Trouble in Beanville.
My much loved Fortex green pole beans have rusty leaves caused by a fungus and also skeletonized leaves–leaves that are reduced to a thin brown papery tissue–caused by spider mites.
Above are photos of the gruesome devastation. I hate to admit it, but I think last year’s pole beans had similar problems at the end of the season. Because it was late in the growing season, I just pulled them out and didn’t think too much about it. I do know the vines were not composted. They were sent curbside for municipal pickup. And I do remember cleaning up all the brown crumpled bean leaves left in the raised bed. In such a small garden, I know it’s a good thing to clean up thoroughly at the end of a growing season.
Crop rotation is also important. Unfortunately, I think last year’s green pole beans were just 1 raised bed over from this year’s pole beans. That probably wasn’t enough of a rotation to prevent the fungus, which can live in the ground from season to season. This information comes from various online sites.
About the spider mites. I know there are spider mites on the green pole bean plants as well as the rusty leaf fungus because of the skeletonized leaves and also some webs that I found in the middle of the vines. Very similar to the webs on a little spruce tree that was lost to spider mites a few years ago. And I think the hemlock trees suffer from spider mites as well as hemlock wooly adelgid. So spider mites may be a systemic problem in the garden. The spray used on the hemlocks by the tree service is supposed to deal with all pest problems. But perhaps the pole beans were infested with spider mites before the hemlocks were sprayed. The hemlocks are at the other side of the gardens from the pole beans, but the area is not large. Are spider mites all the same, or are they species specific. More questions than answers.
Anyway, this being the first week in September, I could have pulled up the bean vines, cleaned up the dead leaves, and called it a season for the green pole beans. And I may still do just that. But first, I thought I should try to eliminate the rusty and skeletonized leaves and see if the bean vines might make a comeback. Some Neptune’s Harvest fish fertilizer is on order from Johnny’s Selected Seeds. When it gets here, I will fertilize the bean vines. I’ve been watering them using drip irrigation hoses, but a good rain would help everything, including me. There’s a chance of rain later this week.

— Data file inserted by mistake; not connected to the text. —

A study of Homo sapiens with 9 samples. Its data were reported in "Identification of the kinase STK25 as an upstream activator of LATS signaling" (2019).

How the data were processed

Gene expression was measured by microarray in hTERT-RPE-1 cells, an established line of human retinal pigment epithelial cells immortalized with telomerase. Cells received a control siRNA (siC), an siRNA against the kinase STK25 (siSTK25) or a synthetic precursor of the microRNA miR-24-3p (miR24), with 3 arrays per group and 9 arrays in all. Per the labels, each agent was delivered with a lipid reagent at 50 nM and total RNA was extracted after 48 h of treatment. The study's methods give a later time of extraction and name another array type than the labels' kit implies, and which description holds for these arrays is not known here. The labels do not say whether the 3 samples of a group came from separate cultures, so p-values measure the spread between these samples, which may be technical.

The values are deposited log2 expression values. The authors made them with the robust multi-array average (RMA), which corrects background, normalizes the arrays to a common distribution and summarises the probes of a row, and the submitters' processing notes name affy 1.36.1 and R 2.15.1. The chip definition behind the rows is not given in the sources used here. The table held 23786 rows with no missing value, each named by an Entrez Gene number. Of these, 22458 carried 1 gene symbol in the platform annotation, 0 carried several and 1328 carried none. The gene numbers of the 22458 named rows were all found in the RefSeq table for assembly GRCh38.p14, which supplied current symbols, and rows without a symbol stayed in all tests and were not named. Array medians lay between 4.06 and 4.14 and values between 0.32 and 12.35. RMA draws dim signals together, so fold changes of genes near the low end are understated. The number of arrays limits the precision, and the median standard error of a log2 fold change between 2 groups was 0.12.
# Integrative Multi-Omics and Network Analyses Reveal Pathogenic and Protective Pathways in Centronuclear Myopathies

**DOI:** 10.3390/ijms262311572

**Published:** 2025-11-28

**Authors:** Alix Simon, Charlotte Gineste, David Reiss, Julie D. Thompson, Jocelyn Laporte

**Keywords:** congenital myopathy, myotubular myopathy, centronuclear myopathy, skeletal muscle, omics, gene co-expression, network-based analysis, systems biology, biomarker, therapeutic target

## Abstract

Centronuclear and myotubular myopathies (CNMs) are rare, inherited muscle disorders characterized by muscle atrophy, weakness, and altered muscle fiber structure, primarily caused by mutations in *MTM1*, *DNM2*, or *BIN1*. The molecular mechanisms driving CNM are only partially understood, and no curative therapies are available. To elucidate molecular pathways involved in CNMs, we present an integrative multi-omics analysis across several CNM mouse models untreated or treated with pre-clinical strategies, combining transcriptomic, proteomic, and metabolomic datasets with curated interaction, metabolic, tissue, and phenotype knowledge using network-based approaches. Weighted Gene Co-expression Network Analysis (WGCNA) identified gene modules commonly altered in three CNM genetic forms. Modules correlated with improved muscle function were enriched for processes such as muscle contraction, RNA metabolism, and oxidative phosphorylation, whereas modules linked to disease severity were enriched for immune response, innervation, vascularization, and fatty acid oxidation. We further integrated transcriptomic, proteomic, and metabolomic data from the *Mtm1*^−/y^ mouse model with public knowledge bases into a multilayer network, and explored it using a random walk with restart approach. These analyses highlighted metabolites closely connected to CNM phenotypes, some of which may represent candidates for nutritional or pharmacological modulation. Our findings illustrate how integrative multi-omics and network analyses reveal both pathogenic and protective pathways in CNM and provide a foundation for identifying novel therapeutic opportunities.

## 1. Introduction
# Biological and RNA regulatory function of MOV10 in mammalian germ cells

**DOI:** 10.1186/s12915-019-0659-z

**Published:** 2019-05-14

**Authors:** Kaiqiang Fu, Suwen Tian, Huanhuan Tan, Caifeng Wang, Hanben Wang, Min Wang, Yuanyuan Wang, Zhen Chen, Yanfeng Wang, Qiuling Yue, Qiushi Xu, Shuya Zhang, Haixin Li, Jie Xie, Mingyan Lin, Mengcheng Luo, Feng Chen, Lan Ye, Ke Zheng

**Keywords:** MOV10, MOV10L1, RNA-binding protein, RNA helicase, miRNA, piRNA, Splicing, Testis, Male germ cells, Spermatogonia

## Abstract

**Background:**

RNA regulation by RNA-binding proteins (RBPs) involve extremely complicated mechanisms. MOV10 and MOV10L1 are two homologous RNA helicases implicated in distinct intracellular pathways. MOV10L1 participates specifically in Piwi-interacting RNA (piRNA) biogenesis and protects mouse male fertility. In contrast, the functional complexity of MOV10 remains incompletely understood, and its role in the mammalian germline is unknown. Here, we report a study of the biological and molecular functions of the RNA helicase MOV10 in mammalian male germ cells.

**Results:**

Above is a photo of the pole bean vines after I cut all the damaged leaves and vines off. I fully expect the fungus and the spider mites will simply continue in their destructive ways, but it is a good experiment. Is it best to just get rid of troubled vines, or is there a chance for recovery.
According to the post Green pole beans in June, I was so proud of myself for thinning the beans from 3 plants per pole to 2 plants per pole. Now, I’m thinking that 1 plant per pole may be best since the rusty leaf fungus is triggered by excess moisture or humidity.
We haven’t had excessive moisture in terms of rain this summer, but the humidity has been oppressive for plants and humans alike. So, better air flow through the vines might cut the damage from humidity and help to save them from the rusty leaf fungus.
Also, the green pole beans must be planted at the opposite end of the vegetable garden next year. As far away from this year’s diseased bed as possible. If that doesn’t work, I guess I’ll have to not plant pole beans for a couple of years. That would be sad indeed.
While I’m waiting to see if the pole bean vines survive this pestilence or not, I may as well have a small celebration of green beans. In the photo above are green beans ready to be boiled 9 minutes to a crunchy perfection and eaten immediately, mostly by me. I did make some dilly beans. I also tried dehydrating some beans. We’ll see about that. The dehydrated beans may be good in a stew next winter, but I have my doubts.
I’ve made one momentous decision about green beans. Which is that they are a seasonal delight. Just like fresh tomatoes. Don’t try to fix up some fancy green bean recipe for Thanksgiving or Christmas dinners. Mushrooms, or fried onion rings, with cream sauce. It just doesn’t work. Green beans from the garden frozen for winter use are mediocre at best. This may all sound like sour grapes, since my green bean supply has probably just been decimated by fungus and spider mites, but traditional holiday green bean recipes have been giving me nightmares for several years now. Time to give them up. Go for the squash and sweet potato recipes for winter. Green beans are for summer. So there.
So, back to summer green beans. Our grand discovery of this summer for many uses is Trader Joe’s crème fraîche. Scrambled eggs. Corn on the cob. Green beans. It’s decadent, but has fewer calories than butter. How’s that for a win-win. I can make a meal of green beans with crème fraîche. Add a little ham or bacon. How about a few cherry tomatoes. Some basil leaves are never wrong. Capers are good. Amazing how filling and satisfying a dish it becomes.
So, I’m hoping for the best for the Fortex green pole bean vines in the garden this summer. And preparing for the worst.